How Advancing Location Tech Can Help Revitalize Retail
Digital is not the enemy of brick-and-mortar businesses. That was a key message in a Street Fight webinar Thursday, which featured inMarket and the Integer Group.
Despite fears of the disruption that new business models and technology bring, these are can be opportunities for brands to better understand and engage with consumers, said Cameron Peebles, CMO for inMarket. He shared his company’s insights during the webinar alongside The Integer Group’s group media director, M.K. Woltz. InMarket and The Integer Group are leaders in the online-to-offline segment, and Woltz and Peebles discussed effective brand strategies for digital-to-physical conversions.
For example, inMarket recently launched a “lapsed-shopper reactivation” program, which targets consumers who at one point frequented specific stores but then got out of their regular shopping patterns.
During the talk, Peebles outlined a strategy for planning, deploying, optimizing and calculating ROI for mobile campaign in retail sales. An essential part of that planning means seeing digital as an asset rather than as the enemy. In years past, Peebles said, it was predicted that digital would kill off the entire music industry. The changes digital brought to the music world cannot be denied — consumers can now access media through mobile devices almost anywhere. But rather than digital portending doom for all music, streaming revenue increased by 8.1 percent in 2016, he said: “This is from the likes of Spotify and other groups applying digital strategies to a legacy industry — causing a resurgence that is expected to grow into the future.”
He noted that a comparable prediction was made about movies as high quality video made its way to personal devices. Again, the expectation was that the public would stop going out and stay home instead to consume all their media. But instead of being the final curtain on theaters, Peebles said online purchases of movie tickets actually helped increase box office sales by 4.3 percent in 2016.
Another prediction about digital casts companies such as Amazon as devourers of the retail landscape, taking more and more market share. It is hard to dismiss the growing reach that e-tailers wield, however that does not necessarily spell doom for all stores. “The secret to surviving in a digital-first world is embracing digital strategies rather than fighting them,” Peebles said.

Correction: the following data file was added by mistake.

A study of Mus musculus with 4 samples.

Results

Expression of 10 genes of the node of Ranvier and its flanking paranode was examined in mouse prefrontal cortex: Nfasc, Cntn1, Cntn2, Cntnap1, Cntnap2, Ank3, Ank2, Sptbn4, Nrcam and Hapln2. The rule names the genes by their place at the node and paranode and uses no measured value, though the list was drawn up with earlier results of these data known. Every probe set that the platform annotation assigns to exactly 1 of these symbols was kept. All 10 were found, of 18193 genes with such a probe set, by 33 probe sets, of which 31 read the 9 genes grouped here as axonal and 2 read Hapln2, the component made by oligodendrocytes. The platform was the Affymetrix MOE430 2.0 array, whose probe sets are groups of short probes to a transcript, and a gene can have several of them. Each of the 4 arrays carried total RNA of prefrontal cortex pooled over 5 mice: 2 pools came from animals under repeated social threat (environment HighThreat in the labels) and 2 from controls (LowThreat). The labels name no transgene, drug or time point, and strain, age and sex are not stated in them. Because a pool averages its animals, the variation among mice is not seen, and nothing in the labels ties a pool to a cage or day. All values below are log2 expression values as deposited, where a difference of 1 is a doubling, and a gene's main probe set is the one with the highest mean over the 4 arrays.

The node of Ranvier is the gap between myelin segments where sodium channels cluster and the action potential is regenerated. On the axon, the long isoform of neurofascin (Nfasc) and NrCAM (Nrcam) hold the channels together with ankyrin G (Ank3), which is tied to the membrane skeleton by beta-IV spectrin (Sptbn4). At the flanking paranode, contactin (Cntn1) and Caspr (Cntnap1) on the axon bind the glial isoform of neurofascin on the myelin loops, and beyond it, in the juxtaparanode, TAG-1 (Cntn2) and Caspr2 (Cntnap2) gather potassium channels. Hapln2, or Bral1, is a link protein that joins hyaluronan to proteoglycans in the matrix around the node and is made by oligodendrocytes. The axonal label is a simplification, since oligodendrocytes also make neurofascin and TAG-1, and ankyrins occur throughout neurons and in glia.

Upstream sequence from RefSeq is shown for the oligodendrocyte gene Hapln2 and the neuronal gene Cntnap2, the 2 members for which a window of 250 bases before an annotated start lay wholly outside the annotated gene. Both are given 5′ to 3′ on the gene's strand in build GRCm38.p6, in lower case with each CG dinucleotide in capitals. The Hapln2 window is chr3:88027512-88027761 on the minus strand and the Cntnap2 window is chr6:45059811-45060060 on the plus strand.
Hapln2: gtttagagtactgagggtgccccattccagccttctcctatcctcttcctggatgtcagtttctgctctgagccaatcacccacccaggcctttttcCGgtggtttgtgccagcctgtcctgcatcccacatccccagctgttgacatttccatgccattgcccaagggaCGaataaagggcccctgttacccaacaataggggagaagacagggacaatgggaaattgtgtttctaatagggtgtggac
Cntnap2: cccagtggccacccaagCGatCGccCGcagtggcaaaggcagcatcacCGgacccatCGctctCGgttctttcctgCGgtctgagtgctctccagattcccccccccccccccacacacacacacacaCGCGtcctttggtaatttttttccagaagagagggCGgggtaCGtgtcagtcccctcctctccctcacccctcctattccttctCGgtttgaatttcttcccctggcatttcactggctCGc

This is true, he said for brick-and-mortar retail or any vertical where people make purchases in the real world. A significant part of turning digital into an asset is mapping to the customer acquisition funnel. Peebles said many people equate mobile advertising with broad programmatic buys that spray-and-pray dollars to increase brand awareness or the campaign depends on users looking at their devices while in a target area at a certain time.
Those notions overlook what a more comprehensive approach that mobile and digital offer, he said, that better matches each part of the funnel. “The fact that it has the ability to influence both, increase awareness and drive purchase intent, is the power of mobile,” Peebles said.
It is not just about figuring out where to connect with consumers. Woltz said The Integer Group uses data and cultural insights to help brands understand their customers and potentially accelerate the pace of transactions for purchases. The Integer Group works with clients such as Starbucks, retail stores, and brands such as Kellogg’s, Procter & Gamble, Mars, and Wrigley. “Mobile is part of almost every plan we are doing,” Woltz said. “We look at mobile as a way to get brands in consideration before consumers go into stores.”
That can include driving awareness about the brands or offers that are available at that moment, she said.
As trends in digital continue to spread and evolve, plenty of location data providers may offer their services — but finding the right fit for a brand’s needs will take some investigation. Peebles said companies who are choosing such a vendor should weigh carefully whether or not they offer first-party, verified GPS, wifi, and beacon data; have trusted sources of inventory that consumers rely on; as well as have the scale to reach multiple types of consumers. “If you are working with a data partner, they should be very transparent about their data sources and their data strategy,” he said.
Joao-Pierre Ruth is a Street Fight contributor.